Water Quality Matters

In an article on The FUND for Lake George's website entitled, “Identifying Failing Onsite Systems on Lake George,” Chris Navitsky, the Lake George Waterkeeper and a resident of Hague, called algae the “canary in the coal mine.”

There are roughly 6,000 septic systems on the lake, an estimated two-thirds of which are old or outdated. With no laws requiring routine maintenance or pumping, it is not surprising that this subject is a focal point for improving the water quality of Lake George and protecting this vital drinking water source.

Chris began working with about 70 property owners from Dunham's Bay on the south end of the lake in 2014. The group formed the North Queensbury Wastewater District and began snorkeling and using syringes to collect algae from rocks and sand near the shore in three to six feet of water.

The samples were then sent to a certified laboratory for microscopic analysis. GPS coordinates were used to document where these indicator algae were found. Of the 20-30 types of algae found in the lake, only certain ones are associated with human waste.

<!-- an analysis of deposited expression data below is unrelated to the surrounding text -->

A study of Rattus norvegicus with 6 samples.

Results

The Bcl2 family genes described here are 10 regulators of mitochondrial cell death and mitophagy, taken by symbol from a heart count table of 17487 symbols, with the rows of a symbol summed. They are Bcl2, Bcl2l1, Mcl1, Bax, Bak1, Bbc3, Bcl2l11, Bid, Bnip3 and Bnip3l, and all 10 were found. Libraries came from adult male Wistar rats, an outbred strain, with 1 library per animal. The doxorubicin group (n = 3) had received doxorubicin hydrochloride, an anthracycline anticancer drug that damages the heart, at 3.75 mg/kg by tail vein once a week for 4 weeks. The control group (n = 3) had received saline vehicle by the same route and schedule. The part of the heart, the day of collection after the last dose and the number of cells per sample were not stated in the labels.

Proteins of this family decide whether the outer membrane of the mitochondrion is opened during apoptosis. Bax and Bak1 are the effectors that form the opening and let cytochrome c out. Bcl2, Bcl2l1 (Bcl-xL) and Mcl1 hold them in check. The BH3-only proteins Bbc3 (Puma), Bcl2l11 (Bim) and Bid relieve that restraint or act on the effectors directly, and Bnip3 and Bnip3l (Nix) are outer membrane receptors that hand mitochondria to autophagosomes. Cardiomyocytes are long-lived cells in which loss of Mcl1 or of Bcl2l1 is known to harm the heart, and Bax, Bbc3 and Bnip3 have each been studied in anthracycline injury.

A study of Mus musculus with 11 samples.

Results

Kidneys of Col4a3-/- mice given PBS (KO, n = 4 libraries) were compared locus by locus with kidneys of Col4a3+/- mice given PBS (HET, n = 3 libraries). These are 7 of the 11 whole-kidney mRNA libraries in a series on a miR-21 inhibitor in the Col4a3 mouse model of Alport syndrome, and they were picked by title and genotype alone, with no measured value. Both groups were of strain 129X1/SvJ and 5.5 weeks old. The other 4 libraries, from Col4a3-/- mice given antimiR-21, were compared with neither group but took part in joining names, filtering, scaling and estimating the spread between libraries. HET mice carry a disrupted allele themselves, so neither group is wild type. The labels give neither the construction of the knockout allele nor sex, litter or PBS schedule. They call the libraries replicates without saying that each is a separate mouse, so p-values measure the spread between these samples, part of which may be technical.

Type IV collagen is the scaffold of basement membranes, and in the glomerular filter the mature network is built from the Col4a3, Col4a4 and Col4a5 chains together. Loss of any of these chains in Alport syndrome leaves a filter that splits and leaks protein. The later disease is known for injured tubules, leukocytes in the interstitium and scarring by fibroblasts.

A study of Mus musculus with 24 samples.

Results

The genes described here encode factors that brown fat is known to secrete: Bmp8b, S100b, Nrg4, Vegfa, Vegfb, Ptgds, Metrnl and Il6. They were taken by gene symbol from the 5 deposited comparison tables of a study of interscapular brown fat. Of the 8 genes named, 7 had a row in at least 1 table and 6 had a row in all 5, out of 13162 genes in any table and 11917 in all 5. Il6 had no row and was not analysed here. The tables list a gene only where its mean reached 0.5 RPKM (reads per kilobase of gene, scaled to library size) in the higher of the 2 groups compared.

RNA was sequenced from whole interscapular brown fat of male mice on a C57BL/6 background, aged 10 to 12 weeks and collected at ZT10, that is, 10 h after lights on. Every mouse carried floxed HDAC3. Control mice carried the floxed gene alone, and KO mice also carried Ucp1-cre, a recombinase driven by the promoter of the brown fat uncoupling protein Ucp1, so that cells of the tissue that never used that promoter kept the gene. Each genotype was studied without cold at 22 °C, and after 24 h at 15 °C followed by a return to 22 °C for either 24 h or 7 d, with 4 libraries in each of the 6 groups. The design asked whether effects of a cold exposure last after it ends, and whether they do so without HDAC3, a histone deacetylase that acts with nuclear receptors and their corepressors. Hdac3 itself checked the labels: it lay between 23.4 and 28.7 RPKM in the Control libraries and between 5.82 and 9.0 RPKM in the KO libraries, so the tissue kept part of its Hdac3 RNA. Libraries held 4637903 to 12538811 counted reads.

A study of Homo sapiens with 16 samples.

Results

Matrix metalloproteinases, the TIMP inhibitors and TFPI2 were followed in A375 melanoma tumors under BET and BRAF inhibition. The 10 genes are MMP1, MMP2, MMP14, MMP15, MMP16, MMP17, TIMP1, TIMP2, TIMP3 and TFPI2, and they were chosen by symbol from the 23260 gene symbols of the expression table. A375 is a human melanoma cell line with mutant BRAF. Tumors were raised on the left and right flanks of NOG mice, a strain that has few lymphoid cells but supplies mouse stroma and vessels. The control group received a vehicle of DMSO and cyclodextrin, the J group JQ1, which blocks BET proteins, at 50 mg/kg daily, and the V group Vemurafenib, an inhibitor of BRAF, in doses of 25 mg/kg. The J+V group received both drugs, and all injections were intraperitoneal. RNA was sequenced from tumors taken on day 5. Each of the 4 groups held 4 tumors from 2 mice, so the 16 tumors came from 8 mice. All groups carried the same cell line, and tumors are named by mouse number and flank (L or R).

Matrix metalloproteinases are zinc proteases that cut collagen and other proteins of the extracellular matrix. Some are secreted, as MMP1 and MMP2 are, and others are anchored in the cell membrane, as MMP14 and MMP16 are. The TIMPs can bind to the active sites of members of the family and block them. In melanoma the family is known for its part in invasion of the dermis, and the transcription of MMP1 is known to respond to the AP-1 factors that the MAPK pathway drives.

Residents of Dunham's Bay have cooperated and 15 systems have been upgraded since 2014. Eleven of the 15 took advantage of Waterkeeper Grants of up to $8,000 to help defray the $14,000 to $20,000 cost of the upgrades. These upgrades usually included the replacement of the septic tank or addition of an advanced treatment system, as well as UV treatment prior to discharge to the leach field. The result has been a 25% reduction in the algae species associated with human waste in Dunham's Bay so far.

Property owners in a town can petition the town to form a wastewater district and tap into available funding. They must, however, agree to: municipal oversight and management, professionally engineered septic system plans, town approval of system improvements, implementing water conservation fixtures to reduce flows, and system inspections and service contracts for advanced systems.

With a large portion of the Town of Hague still using septic systems, it might be wise to follow the Dunham's Bay model.

Merry Christmas!

Visit the Hague Water Quality Awareness Committee on Facebook or contact one of our Steering Committee members: Al Rider (Chairman), Jim Beaty, Lance Clark, Ginger Kuenzel, Josh Patchett, Steve Ramant, or me.